JFK, Oswald and the Raleigh Connection: The Outtakes
The following are segments that (rightly so) didn’t make it into the final draft of the November 14, 2012 Independent Weekly article, JFK, Oswald and the Raleigh connection: How researchers uncovered a key event in the assassination.
Errol Morris, the NY Times and the dismissing of the critics
The dismissing of theories critical of the lone nut scenario doesn’t end with the written word. In 2011 the NY Times commissioned the titan of non-fiction film, Errol Morris, to make a short film about the assassination. Morris states, “not because I thought I could prove that it was a conspiracy, or that I could prove it was a lone gunman, but because I believe that by looking at the assassination, we can learn a lot about the nature of investigation and evidence.” His film, Umbrella Man, became an internet sensation, forwarded, posted and tweeted ad nauseum. Morris features respected researcher Josiah Thompson telling the story of the man standing on the Elm Street curb in Dealey Plaza at the precise time and location of the fatal shots. Just as the presidential limousine approached, although it was a sunny, cloudless day, the man opened his umbrella and pumped it several times in the air. Researchers speculated over the years whether or not the man nicknamed Umbrella Man was signaling to the assassins.
Speculation of Umbrella Man’s role in the assassination was strengthened when, in 1975, the Church Committee received testimony from a CIA weapons designer, Charles Senseney. Senseney testified that the agency had perfected an umbrella that shoots poison darts to kill or immobilize a target.
Morris’ film then features Thompson describing the testimony of Louie Steven Witt to the HSCA in 1978. Witt came forward to state that he had opened his umbrella to protest JFK’s father’s support of “Chamberlain and his appeasement of Hitler”. Although Witt’s account of his actions doesn’t match the photographic and witness testimony, Thompson, to the astonishment of many of his fellow researchers, describes Witt’s testimony as “delightful weirdness”. As investigative journalist and Society of Professional Journalists award winner, Russ Baker, writes, “Watching this, one gets the sense that Thompson believes there was no conspiracy in JFK’s death.” Baker continues, “But what the Times implies with this little piece is false. In fact, Josiah Thompson is known for documenting the exact opposite. He wrote a serious investigative book in 1967, “Six Seconds in Dallas,” full of evidence and specifics, in which he concluded there was a conspiracy to kill JFK—involving three different shooters. But the New York Times is not interested in that, only in this new, droll dismissal of another piece of the puzzle.”
The Mockingbird and the Media: Then and Now
In 1977, Washington Post and famed Watergate reporter, Carl Bernstein, wrote extensively on information released by the Church Committee. His article detailing revelations of the committee hearings, The CIA and the Media, appeared in the October 20, 1977 issue of Rolling Stone. The article exposed details of Operation Mockingbird, the CIA’s effort to control the media. Quoting an unnamed CIA agent, Bernstein wrote: “One reporter is worth 20 agents.”
In recent years, it’s been revealed that CIA assets have worked in various roles at CNN and National Public Radio. Surprisingly even Anderson Cooper was recruited by the CIA. While a student at Yale, Cooper apparently spent summers as an intern at the CIA Headquarters in Langley, VA as part of a program for students interested in intelligence work. According to a CNN spokeswoman, “His involvement with the agency ended there, and he chose not to pursue a job with the agency after graduation.”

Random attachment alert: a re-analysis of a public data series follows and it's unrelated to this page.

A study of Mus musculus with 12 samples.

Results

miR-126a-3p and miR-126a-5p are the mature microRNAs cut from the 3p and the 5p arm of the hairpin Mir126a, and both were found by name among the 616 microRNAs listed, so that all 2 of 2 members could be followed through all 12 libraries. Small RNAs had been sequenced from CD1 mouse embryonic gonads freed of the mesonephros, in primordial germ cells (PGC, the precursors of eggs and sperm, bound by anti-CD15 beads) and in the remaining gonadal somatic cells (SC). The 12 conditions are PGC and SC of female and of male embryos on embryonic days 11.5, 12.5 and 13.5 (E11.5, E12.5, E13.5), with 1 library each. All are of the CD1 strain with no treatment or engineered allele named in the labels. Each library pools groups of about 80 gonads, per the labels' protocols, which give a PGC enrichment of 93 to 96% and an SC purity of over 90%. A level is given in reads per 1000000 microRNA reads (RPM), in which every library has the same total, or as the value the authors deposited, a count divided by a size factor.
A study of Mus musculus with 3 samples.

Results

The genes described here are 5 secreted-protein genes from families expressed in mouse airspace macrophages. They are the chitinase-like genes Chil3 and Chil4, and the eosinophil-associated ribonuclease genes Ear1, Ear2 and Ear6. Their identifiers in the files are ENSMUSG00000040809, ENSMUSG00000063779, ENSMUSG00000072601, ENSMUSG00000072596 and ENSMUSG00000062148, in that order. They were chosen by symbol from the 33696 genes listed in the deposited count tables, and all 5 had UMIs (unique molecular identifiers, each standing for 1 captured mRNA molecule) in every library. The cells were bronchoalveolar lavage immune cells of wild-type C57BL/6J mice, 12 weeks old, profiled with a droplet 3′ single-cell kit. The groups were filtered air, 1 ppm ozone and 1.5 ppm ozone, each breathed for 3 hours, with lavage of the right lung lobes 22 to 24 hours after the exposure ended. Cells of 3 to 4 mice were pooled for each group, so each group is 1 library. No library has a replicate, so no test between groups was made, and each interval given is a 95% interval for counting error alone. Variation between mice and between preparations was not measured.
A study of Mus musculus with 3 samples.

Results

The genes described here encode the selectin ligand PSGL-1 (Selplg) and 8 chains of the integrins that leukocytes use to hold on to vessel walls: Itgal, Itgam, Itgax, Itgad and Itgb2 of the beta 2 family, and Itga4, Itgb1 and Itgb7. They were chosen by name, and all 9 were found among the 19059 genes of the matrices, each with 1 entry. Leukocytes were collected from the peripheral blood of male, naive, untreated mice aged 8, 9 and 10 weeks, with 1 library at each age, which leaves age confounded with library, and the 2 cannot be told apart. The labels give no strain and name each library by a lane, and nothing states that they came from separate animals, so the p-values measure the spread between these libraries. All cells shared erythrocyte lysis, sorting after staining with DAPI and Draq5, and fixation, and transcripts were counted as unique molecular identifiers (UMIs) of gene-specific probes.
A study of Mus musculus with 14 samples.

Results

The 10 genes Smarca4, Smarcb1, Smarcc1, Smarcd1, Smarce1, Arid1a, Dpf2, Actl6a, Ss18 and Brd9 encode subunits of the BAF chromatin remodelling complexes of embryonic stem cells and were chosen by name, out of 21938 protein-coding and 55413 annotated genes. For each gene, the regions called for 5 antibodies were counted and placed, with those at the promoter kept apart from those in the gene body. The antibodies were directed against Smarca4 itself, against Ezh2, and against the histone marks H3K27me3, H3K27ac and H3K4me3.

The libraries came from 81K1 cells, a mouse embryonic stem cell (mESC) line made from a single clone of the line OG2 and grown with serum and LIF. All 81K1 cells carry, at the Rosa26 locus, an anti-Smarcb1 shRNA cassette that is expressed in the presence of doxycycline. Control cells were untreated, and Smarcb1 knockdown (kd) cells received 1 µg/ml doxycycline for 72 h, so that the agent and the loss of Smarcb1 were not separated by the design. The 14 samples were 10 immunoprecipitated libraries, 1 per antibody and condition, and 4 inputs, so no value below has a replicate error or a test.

There’s more. Readers of the respected progressive weekly magazine, The Nation, might be surprised to find out that one of their longtime contributing editors, Max Holland, has been a contributing writer to the CIA’s website for over a decade. The Nation describes Holland only as “a Nation contributing editor”, never mentioning that he is also a contributor to the CIA. Does this mean that AC360 and The Nation are vehicles for the brainwashing of the American public? Of course not, but it’s not unreasonable to wonder if Operation Mockingbird ended with the Church Committee and, more importantly, to expect the disclosure of a journalist’s important potential biases.
It’s eerily appropriate that the anniversary of the assassination falls during the week of Thanksgiving, and sometimes on that very day. The fact that average people have taken it upon themselves to search for the truth in the face of ridicule, ad hominem attacks and a hostile media should give us all hope. It’s because of them that over six million documents have been released in the last twenty years with hundreds of thousands still to be freed.
James W. Douglass, in his excellent work exploring the “why” of the assassination, JFK and the Unspeakable: Why He Died and Why It Matters (2008), wrote: “We owe much to the pioneer investigators into President Kennedy’s murder, the truth-telling of many witnesses and the recent flood of documents through the JFK Records Act. The truth is available [for all to see].”
It’s because of people like Raleigh’s Grover Proctor taking an interest in the Raleigh connection that we should find inspiration to not rely on the media or on our government, but on ourselves. All we have to do is trust our, as John Judge, founder of the Coalition on Political Assassination, says, “Cartesian common sense.”
And maybe do what Proctor and others have done: get off the couch and take a trip to the National Archives.